Science Alert Australia & New Zealand reports that Western Australia’s Upper House has rejected human embryonic stem cell research and human cloning.
Dr. Millet, director of Curtin University of Technology’s Centre for Applied Ethics and Philosophy explains why.
“The whole debate has changed, and it’s changed dramatically since the Yamanaka discovery because, while both his method and therapeutic cloning technologies have their problems, the advantage of the Yamanaka method is that you get 100 per cent of the donor’s own DNA and, of course, collecting skin cells involves minimum invasiveness and trauma. Most importantly, it is far less morally problematic than creating an embryo with the sole purpose of destroying it.”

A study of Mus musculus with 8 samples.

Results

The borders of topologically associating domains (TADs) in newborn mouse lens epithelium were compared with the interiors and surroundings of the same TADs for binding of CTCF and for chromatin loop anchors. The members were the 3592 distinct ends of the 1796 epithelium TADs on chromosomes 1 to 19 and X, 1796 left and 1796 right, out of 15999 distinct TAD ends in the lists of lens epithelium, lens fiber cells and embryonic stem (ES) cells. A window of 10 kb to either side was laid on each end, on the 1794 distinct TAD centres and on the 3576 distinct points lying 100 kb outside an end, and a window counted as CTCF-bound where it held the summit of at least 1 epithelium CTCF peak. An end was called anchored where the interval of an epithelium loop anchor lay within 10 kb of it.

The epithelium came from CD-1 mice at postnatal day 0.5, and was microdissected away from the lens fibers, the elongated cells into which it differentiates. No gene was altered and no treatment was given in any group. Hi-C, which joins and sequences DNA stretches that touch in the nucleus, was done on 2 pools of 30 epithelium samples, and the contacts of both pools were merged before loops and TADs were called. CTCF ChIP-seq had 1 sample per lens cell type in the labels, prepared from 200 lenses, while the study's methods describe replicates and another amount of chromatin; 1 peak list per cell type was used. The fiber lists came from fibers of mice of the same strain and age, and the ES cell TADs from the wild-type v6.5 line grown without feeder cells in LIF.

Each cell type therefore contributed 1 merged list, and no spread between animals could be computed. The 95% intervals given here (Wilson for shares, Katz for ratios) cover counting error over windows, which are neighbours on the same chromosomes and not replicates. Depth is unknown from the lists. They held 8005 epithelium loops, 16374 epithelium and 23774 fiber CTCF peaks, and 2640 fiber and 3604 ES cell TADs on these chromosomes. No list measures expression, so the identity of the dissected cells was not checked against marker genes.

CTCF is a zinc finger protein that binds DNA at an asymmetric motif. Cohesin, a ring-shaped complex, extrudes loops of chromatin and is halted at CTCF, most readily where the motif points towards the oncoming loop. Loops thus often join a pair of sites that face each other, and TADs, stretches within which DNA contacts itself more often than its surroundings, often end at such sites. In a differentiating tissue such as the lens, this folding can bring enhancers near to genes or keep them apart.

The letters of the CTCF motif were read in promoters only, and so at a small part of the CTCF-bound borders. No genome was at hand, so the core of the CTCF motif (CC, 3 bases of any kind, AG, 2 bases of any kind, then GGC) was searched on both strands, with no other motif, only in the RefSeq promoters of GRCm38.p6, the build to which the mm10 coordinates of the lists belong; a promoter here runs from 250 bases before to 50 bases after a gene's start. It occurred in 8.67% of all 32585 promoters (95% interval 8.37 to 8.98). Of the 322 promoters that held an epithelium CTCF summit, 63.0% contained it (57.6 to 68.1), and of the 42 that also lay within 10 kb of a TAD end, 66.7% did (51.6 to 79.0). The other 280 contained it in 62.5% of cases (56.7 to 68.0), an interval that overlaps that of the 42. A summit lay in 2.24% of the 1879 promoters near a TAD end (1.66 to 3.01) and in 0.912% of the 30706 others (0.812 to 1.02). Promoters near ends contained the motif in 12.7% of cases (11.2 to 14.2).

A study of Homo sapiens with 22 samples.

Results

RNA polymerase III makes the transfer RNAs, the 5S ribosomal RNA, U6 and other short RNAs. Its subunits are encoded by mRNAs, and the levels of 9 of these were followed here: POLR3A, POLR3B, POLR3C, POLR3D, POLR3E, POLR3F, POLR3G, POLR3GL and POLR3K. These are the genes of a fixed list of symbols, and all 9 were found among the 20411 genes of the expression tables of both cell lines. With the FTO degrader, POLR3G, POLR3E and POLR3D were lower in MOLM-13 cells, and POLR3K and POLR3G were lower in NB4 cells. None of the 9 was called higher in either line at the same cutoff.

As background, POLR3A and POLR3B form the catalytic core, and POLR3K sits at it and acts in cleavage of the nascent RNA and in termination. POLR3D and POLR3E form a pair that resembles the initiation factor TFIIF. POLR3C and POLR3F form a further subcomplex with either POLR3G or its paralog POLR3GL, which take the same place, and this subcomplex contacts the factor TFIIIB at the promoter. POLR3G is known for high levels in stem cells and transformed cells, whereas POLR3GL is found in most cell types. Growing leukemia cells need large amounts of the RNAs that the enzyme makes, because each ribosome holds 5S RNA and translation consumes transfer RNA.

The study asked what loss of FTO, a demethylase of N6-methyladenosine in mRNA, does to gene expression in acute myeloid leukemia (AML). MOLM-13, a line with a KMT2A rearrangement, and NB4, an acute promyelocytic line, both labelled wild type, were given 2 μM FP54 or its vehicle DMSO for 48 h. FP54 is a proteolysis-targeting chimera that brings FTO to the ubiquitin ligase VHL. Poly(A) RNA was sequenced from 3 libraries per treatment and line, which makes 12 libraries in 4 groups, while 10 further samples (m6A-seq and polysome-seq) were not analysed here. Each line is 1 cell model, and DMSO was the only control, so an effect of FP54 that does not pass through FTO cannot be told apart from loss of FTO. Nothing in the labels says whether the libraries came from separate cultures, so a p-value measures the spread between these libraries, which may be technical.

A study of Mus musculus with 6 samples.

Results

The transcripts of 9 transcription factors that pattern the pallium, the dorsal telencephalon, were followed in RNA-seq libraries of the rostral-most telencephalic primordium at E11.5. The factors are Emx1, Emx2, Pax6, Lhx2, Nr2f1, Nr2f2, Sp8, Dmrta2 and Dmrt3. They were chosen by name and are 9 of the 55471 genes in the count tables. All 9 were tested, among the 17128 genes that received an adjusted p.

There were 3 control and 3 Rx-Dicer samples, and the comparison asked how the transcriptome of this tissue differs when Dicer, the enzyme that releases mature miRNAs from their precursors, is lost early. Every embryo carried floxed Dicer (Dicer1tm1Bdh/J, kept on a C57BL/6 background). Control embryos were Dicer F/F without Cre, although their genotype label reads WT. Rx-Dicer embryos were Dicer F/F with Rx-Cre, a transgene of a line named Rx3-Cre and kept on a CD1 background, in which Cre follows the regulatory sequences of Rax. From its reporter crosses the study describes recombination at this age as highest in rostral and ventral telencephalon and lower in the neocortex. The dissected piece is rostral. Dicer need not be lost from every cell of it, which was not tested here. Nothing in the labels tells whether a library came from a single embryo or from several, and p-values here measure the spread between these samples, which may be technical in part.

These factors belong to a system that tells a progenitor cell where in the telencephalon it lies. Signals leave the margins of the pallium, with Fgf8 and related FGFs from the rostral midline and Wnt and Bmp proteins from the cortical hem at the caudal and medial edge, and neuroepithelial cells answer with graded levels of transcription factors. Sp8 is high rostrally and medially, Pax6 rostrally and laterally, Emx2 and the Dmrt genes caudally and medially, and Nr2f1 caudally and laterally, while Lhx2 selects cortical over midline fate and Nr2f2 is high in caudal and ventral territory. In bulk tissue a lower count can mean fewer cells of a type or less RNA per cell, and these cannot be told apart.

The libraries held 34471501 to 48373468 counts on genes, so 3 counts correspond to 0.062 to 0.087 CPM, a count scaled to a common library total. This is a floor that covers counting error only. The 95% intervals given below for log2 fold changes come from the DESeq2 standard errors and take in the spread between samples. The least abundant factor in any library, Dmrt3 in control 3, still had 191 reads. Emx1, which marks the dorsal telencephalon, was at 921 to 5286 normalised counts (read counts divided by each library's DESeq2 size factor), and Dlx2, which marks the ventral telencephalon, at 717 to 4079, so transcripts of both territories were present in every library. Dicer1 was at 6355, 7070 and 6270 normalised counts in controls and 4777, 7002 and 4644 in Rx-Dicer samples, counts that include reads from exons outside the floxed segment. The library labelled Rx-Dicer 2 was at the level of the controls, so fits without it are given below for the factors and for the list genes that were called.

He goes on to make the pragmatic public policy case in addition to the scientific and ethical case above:
“One of the arguments against therapeutic cloning is that the research has a low likelihood of a short- to medium-term outcome,” Dr Millett says. “So we have to ask ourselves, what is the opportunity cost of funding this research? By spending millions on embryonic stem cell research, what other important science is missing out? Are there better things to spend our money on?
What will the result be? Again, Dr. Millet:
“This could be the turning point for stem cell science here. It is entirely feasible that the (Upper House) decision could lead to [Western Australia] becoming one of the world centres of research into alternatives to embryonic stem cell research.”
What US state will take a similar leadership position on adult stem cell research and attempt to establish itself as a “world center of research into alternatives to embryonic stem cell research?”